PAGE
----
Credit: Tidal Lagoon (Swansea Bay) plc

Laing O’Rourke has been named as preferred bidder for the ~£200M contract to deliver the lagoon’s 410 metre turbine house and sluice structure block.

Developers say this part of the project will require up to 500 workers at peak construction, a substantial number of whom will be local to South Wales. Concrete, reinforcing and other materials will also be sourced locally.

Laing O’Rourke has named Arup as its lead design and engineering partner for the contract.

Announcing that Laing O’Rourke is joining the team is a major step forward for the project. As preferred bidder, their contribution over the next few months alongside General Electric and Andritz Hydro will be invaluable in preparing for delivery on site in 2016

– Andrew McNaughton, Tidal Lagoon Power


More than 150,000 disease-infected larch trees are being felled at Cwmcarn Forest Drive in the South Wales Valleys.

Heavy machinery has damaged the track, which could cost millions of pounds to repair.

The move has been in the pipeline for several months, with the area shut to visitors while the work is taking place.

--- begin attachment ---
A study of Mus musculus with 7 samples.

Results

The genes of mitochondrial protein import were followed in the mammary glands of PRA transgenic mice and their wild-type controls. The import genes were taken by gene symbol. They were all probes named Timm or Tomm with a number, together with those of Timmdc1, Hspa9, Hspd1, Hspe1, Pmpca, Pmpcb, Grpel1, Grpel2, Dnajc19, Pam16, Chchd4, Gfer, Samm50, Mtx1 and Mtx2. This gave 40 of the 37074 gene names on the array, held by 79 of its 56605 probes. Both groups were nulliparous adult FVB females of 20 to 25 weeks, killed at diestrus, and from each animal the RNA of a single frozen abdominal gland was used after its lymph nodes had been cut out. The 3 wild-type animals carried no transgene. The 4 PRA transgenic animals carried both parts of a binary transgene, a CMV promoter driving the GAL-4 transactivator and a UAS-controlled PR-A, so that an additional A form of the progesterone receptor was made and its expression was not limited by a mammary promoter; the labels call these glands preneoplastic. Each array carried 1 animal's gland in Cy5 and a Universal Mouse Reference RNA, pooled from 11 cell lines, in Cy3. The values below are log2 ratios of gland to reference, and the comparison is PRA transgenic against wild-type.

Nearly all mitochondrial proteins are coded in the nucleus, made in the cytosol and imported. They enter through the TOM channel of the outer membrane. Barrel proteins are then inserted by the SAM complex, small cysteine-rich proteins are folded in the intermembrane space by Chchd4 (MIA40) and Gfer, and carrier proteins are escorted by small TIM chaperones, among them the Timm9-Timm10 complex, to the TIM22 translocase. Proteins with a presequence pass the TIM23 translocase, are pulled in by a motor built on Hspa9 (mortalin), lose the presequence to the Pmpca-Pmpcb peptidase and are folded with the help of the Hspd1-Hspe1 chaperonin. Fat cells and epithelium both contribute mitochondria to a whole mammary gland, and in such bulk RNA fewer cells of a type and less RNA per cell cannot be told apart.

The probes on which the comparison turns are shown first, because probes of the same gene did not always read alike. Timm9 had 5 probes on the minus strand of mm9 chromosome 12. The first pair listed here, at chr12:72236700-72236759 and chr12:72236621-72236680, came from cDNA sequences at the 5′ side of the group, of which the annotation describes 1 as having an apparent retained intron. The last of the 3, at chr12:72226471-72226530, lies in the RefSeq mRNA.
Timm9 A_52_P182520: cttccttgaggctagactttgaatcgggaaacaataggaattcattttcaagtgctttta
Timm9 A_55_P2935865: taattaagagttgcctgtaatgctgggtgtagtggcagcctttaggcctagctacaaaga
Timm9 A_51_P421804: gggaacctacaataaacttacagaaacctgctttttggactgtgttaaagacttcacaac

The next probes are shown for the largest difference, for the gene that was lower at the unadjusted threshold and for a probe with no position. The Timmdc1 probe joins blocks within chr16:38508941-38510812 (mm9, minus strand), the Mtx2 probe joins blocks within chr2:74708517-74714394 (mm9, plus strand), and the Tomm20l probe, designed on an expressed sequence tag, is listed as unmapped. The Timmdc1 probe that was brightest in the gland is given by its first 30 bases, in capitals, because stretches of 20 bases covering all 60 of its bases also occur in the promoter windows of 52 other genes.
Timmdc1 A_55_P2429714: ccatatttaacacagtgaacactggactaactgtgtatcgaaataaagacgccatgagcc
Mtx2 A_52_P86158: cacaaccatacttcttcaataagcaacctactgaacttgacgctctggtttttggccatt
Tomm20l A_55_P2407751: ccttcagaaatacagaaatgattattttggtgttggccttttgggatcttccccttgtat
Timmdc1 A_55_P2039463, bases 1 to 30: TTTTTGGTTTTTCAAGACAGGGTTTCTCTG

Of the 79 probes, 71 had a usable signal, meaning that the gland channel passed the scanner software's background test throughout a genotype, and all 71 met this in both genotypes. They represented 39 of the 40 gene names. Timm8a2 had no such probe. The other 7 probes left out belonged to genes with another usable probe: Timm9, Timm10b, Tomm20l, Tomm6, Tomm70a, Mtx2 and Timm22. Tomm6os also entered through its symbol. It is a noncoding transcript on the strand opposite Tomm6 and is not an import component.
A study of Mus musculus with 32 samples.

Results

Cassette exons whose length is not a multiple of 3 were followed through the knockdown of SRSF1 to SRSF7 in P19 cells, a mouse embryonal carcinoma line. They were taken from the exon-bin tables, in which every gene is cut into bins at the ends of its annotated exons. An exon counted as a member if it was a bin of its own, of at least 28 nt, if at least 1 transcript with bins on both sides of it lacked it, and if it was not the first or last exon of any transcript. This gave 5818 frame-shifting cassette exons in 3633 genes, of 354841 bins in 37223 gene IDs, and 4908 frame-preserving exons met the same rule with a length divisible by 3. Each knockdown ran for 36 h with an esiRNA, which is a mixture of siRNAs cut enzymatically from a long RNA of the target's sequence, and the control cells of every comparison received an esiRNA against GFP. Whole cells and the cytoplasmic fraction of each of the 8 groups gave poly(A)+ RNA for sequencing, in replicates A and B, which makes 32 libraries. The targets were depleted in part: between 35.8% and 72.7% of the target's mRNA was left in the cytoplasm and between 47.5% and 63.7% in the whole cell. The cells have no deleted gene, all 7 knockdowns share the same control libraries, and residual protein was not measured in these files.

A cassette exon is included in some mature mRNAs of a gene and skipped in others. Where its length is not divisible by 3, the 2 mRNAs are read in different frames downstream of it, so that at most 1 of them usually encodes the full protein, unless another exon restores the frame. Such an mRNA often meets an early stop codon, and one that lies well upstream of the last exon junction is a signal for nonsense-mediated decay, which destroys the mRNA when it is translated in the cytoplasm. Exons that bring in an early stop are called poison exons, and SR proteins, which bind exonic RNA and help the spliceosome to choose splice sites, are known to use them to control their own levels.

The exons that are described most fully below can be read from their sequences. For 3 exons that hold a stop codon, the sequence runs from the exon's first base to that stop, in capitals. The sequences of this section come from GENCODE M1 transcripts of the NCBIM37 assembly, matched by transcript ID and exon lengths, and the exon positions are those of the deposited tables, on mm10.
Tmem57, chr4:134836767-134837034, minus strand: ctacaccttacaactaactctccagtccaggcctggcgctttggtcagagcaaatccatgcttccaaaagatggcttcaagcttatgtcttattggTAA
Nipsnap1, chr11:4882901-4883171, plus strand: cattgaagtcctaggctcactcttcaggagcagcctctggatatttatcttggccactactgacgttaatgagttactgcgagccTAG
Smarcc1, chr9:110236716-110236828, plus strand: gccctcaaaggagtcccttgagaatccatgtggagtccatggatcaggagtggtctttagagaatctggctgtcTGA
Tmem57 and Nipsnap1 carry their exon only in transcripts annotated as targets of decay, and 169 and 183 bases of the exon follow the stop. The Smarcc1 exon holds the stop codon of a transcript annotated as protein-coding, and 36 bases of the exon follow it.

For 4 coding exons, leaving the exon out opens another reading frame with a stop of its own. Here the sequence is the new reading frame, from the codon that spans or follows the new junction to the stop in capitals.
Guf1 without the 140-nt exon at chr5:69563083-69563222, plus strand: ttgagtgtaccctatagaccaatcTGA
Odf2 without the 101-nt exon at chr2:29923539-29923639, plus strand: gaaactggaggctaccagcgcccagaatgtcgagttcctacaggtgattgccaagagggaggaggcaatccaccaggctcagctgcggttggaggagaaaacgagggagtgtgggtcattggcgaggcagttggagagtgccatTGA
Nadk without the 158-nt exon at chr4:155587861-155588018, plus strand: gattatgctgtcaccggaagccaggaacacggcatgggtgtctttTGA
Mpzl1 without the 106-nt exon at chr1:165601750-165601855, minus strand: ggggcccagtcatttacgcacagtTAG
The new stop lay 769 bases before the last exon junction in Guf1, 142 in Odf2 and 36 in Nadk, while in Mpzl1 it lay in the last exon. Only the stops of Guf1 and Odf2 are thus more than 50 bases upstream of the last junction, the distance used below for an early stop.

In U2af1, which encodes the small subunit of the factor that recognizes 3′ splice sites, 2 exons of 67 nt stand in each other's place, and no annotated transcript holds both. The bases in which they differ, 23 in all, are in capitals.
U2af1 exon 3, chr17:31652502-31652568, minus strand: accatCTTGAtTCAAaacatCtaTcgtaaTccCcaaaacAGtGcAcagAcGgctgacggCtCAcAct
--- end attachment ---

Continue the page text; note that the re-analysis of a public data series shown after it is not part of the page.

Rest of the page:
Natural Resources Wales says it's vital to stop the spread of the virus and that there will be at least a two-year felling period.

We have to fell it now because if we didn't, we'd end up with forests of dead trees in years to come. And those trees would be worthless. So by felling it now we're actually able to recover some of the value of the timber, and put that back into what is the public purse, in effect.

– Andy Schofield, Natural Resources Wales
A rare goshawk is nesting in the area and there are concerns over her environment.

But local action group Friends of Cwmcarn Forest Drive are concerned that the attraction will never be re-opened, with NRW yet to confirm when the closure will be lifted.

There are also concerns because a goshawk - a rare bird of prey - is nesting in one of the trees with her chicks.

There's a strong feeling of frustration in the community really that something so precious has been taken away, in the way that it's been done. Everything's been taken away from up there - all the sculptures, the playgrounds, the barbecues. And it all seems so final.

– Rob Southall, Friends of Cwmcarn Forest Drive
The larch trees were planted as pit props for the coal mines in the 1950s.